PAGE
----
Asad Malik, MD
Clinical Research Fellow
Disclosure(s): No financial relationships to disclose
Biliary obstruction caused by benign/malignant strictures and in-stent stenosis can impair the quality of life and lead to complications if left untreated. This retrospective study aims to discuss the technique, efficacy and complications of percutaneous endobiliary radiofrequency ablation (RFA) performed by interventional radiology (IR) for biliary obstruction.
Materials and Methods:
Twenty-one RFA procedures were performed on 20 consecutive patients (11 males, mean age: 58 years [range: 31-82]). Eleven (55%) patients had malignant biliary obstructions and 9 (45%) had benign obstructions; out of these, 5/20 (25%) had in-stent stenoses. Paired samples Wilcoxon test was used to compare the total number of IR procedures performed pre- versus post-RFA.
The average fluoroscopy time was 21.5 minutes (range: 0.5-80.6 minutes) and the average procedure time was 2 hours (range: 0.8-4 hours). Intraluminal ultrasound probe was used in 5 (25%) procedures and cholangioscopy was performed before and after endobiliary RFA in 21 (100%) procedures. The median number of RFA stations per procedure was 2 (range: 1-3). Technical success was achieved in 20 (95%) procedures, with improved patency and luminal flow observed on post-RFA cholangiography. The drain was replaced in 11 (52%) procedures, cholangioplasty was performed in 16 (76%) and stenting was performed in 18 (86%) procedures. In 15 (71%) procedures, the operator was able to successfully remove the drain after ablation, with a mean post-RFA drain duration of 0.5 months (range: 1-3 months). Whereas before RFA, the mean drain duration was 11.8 months (range: 1-74 months). The median number of IR procedures pre- versus post-RFA were 5 and 1, respectively (P=0.0001). Major complication (septic shock) was seen with 1 (5%) procedure and minor complications (e.g., pain, catheter leak, biloma, etc.) were seen with 3 (14%) procedures.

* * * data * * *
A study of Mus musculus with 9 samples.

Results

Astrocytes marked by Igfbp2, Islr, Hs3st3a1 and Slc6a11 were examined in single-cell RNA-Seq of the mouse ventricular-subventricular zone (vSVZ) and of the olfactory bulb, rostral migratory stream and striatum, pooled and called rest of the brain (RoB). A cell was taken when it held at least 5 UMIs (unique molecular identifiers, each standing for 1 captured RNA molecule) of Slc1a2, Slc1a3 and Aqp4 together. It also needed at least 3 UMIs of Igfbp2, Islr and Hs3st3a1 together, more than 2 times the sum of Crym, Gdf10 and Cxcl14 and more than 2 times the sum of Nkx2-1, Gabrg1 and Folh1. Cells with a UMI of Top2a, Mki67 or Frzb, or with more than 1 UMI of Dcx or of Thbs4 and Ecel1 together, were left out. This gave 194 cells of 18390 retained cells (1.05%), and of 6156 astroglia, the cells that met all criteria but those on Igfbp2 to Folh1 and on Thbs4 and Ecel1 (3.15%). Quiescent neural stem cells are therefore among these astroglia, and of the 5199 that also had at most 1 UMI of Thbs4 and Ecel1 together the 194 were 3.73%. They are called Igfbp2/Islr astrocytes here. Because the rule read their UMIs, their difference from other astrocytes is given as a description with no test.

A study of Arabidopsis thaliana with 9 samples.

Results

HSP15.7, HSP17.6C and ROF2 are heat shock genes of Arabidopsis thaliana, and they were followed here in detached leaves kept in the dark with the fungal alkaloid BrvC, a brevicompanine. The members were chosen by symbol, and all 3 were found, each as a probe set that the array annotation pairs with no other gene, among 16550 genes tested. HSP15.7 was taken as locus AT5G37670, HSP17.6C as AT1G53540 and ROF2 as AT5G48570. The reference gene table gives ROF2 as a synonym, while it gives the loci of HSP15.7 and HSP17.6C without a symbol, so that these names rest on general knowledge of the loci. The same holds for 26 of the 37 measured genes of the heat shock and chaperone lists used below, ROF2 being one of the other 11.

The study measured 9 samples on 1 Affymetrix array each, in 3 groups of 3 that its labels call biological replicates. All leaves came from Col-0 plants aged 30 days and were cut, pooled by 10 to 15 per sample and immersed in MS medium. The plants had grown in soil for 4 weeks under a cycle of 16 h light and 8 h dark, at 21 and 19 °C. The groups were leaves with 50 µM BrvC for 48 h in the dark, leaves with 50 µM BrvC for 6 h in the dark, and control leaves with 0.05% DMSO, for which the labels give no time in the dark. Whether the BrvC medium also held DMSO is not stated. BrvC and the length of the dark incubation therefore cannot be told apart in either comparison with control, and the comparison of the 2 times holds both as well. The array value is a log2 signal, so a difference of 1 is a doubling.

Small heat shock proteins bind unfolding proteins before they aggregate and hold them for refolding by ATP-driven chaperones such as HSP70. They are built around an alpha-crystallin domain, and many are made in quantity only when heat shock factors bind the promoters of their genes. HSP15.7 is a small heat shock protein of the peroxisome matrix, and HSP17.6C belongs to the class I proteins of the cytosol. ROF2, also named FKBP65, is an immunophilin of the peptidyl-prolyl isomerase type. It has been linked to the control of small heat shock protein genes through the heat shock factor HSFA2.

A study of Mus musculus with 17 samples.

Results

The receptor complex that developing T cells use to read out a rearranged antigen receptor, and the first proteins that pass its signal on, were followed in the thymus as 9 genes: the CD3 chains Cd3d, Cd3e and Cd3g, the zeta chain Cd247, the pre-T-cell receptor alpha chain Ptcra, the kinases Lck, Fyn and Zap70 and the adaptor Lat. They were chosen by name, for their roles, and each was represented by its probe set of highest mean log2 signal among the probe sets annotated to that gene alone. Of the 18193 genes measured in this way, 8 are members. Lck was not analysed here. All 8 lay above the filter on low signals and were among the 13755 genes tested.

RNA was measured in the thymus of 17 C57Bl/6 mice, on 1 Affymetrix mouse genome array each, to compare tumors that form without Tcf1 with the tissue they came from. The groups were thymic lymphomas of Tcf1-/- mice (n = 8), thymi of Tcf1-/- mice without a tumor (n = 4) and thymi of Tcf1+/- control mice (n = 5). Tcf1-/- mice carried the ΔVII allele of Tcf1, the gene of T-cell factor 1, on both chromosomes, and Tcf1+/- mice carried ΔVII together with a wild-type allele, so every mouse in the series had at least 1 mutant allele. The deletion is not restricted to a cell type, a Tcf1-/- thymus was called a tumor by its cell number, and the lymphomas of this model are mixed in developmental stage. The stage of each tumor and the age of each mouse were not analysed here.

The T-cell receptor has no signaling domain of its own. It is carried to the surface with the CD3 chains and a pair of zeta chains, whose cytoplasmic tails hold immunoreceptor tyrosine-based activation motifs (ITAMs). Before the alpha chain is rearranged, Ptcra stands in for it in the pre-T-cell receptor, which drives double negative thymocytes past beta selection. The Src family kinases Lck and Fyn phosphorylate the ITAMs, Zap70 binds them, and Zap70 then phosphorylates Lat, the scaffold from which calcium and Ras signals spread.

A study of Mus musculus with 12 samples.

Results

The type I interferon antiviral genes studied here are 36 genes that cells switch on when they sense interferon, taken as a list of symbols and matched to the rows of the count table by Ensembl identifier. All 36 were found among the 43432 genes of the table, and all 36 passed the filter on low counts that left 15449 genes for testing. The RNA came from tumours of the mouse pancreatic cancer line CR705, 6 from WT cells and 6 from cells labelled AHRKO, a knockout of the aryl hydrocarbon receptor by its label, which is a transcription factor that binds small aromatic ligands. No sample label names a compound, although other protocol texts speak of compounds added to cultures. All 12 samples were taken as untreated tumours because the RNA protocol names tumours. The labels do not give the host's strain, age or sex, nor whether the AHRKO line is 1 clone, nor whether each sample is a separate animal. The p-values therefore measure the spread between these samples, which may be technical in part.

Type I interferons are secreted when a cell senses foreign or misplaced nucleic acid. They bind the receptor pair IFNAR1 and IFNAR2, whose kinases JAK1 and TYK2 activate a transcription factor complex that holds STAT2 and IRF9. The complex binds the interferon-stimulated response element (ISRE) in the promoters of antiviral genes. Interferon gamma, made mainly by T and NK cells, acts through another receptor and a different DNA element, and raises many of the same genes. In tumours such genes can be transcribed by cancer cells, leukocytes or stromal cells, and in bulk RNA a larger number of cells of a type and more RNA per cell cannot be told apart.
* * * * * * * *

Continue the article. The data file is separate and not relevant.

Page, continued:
Percutaneous endobiliary radiofrequency ablation can be successfully used to relieve obstruction in patients with both benign and malignant strictures. This minimally invasive technique can help patients become drain-free and decrease the total number of IR procedures required to manage the obstruction.